I am not anti-Police by any measure. I just wish my experiences allowed me to feel about the institution the same way many of you do. I know plenty of amazing individual officers who genuinely mean well. But when an INSTITUTION has a systemic problem, it must be fixed. Something like policing can't only work for some of us some of the time. People's lives are on the line. That's how much power the police have. That is not something that should be taken lightly. EVERYONE's lives should matter and be treated with the same care when you have the power to literally destroy someone's life. Right? So...with that being said, this whole HIV/AIDS thing from a violent arrest where an officer was attacked by a disturbed man and another officer's comment's in regards to his HIV status is EXACTLY why BLMTO protested having the INSTITUTION of policing involved in Pride.
These officers are NOT being trained and supported in a way that protects them and the community. There are vulnerable people who are part of that community who get treated like absolute shit by the policing institution because of that lack of training and care. Police officers are people and their brains work like everyone else's. Dealing with poor people, who may have mental health issues and may be HIV+ is fucking taxing. Especially when they attack one of your own. You know what kicks in during times of stress? Your habits. For people in professional services, those habits should be supplanted by their training. Clearly that was lacking in this situation and kudos to the Toronto Police for addressing this fact head on.
Personally, I would like to see an emphasis on community policing and emotional counselling for the officers working in these areas as well, but these are good starts. Police are people. Their humanity must mean as much to us as we want our humanity to mean to them.
With that being said though, us acting like everything is hunky dory when it's not with the police and all the members of the LGBTQ community is called #PinkWashing. Learn that term.
It's very easy to take some pictures and say some nice words, but not doing enough to train your officers on how to deal with the community they are policing and not doing enough to help your officers who may be having difficulty dealing with that community puts both of their lives at risk. It does a disservice to the community and to the officers themselves. It endangers them and us. I've volunteered in missions and I've lived in those areas. When I was part of a youth service organization, 20 years ago, the first thing I was given was a walking tour of the area we would be servicing. Police need to be deeply embedded in the neighbourhoods they serve.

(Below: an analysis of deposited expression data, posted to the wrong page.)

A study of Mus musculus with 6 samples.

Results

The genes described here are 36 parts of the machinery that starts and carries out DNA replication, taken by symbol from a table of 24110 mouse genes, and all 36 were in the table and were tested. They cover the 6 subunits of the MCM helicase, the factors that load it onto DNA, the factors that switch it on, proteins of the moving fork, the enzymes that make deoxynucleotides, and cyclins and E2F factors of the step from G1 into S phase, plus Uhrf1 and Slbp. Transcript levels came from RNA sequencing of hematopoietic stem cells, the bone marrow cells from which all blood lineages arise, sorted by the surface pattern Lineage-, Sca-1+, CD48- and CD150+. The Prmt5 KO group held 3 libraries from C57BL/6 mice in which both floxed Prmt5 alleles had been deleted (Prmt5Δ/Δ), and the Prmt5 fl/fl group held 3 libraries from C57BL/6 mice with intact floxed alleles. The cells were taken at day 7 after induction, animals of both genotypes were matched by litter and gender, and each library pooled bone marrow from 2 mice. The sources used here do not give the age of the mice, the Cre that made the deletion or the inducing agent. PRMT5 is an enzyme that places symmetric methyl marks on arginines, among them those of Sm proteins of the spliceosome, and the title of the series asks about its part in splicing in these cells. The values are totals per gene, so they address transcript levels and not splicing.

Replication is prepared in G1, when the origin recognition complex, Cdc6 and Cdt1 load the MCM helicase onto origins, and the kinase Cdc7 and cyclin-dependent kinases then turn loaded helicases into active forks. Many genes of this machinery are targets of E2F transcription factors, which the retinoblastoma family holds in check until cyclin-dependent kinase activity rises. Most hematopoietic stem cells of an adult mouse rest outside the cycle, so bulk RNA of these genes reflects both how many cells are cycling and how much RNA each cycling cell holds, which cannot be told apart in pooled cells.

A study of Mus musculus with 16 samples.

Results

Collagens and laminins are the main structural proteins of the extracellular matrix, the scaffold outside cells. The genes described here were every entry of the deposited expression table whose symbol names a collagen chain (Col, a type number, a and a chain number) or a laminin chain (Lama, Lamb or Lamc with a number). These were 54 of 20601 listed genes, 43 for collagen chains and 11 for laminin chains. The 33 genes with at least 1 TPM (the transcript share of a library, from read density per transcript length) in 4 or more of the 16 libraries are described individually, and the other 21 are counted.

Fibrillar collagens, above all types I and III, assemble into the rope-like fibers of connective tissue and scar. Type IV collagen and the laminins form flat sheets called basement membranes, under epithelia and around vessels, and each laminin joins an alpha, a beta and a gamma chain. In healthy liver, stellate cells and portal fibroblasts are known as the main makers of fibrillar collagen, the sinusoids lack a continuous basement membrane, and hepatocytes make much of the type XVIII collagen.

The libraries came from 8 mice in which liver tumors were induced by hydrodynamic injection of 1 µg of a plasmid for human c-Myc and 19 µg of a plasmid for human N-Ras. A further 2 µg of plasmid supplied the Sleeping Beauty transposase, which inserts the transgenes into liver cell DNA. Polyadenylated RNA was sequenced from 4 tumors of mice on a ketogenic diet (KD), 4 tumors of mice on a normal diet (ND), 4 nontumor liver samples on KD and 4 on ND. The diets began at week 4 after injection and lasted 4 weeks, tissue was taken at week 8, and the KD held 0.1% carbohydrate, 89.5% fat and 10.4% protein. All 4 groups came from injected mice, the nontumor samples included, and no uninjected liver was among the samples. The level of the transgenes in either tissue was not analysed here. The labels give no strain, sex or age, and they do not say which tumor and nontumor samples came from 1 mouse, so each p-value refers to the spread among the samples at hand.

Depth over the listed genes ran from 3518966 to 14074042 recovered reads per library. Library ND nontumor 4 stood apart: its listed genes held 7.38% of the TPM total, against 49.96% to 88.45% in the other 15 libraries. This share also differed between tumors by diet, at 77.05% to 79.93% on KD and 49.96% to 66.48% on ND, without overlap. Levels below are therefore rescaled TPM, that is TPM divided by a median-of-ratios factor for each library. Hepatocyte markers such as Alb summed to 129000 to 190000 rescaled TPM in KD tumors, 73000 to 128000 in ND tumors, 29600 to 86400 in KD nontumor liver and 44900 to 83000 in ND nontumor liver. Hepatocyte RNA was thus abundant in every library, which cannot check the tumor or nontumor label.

This incident happened in front of my old neighbourhood convenience store. Dealing with some of the stuff that goes on there is NOT easy. But here are some facts: Alot of homeless people are homeless because they got kicked out of their homes for being LGBTQ. Alot of them come to Toronto and end up on the streets. Alot of them end up falling into sex work and alot of them end up with substance abuse problems and mental health issues. Therefore, a lot of them end up dealing with the police. Alot of those interactions aren't good. The fact is though, you make a choice to become an officer and those officers must be given every option to do that job to the best of their ability. That means an emphasis on community policing.
the system of allocating police officers to particular areas so that they become familiar with the local inhabitants.
That means training. That means counselling for the officers in these areas. That means exercising understanding and yes, compassion. #AllLivesMatter, right? Speaking truth to power is part of our job as citizens. That's what #BLMTO does. Far from being "trouble makers and terrorists" they are the best of us. Concerned citizens who want the best for all of us, especially the most vulnerable.
(BLMTO activists showing solidarity for the indigenous community at police headquarters)
My question is though...is where are all those loud voices so angry and critical of BLMTO and Pride today? Where is your outrage that an officer would spread that kind of ignorance? Did you even understand the dynamics that I laid out before you formed your opinion? Do you even know yourself that you would literally need to drink GALLONS of spit to have a chance of getting HIV? Do you realize how many gay men and women suffered and died in silent shame from stigma? Literally, the AIDS epidemic in the 80's was exacerbated by stigma. People died from other people's ignorance. People died because other people stayed silent. Just like you are now. I guess all lives DON'T matter, huh?
The ultimate measure of a society isn't in how many pretty buildings it can build. It's in how it treats its most vulnerable. That's a message I fear is getting lost in Toronto.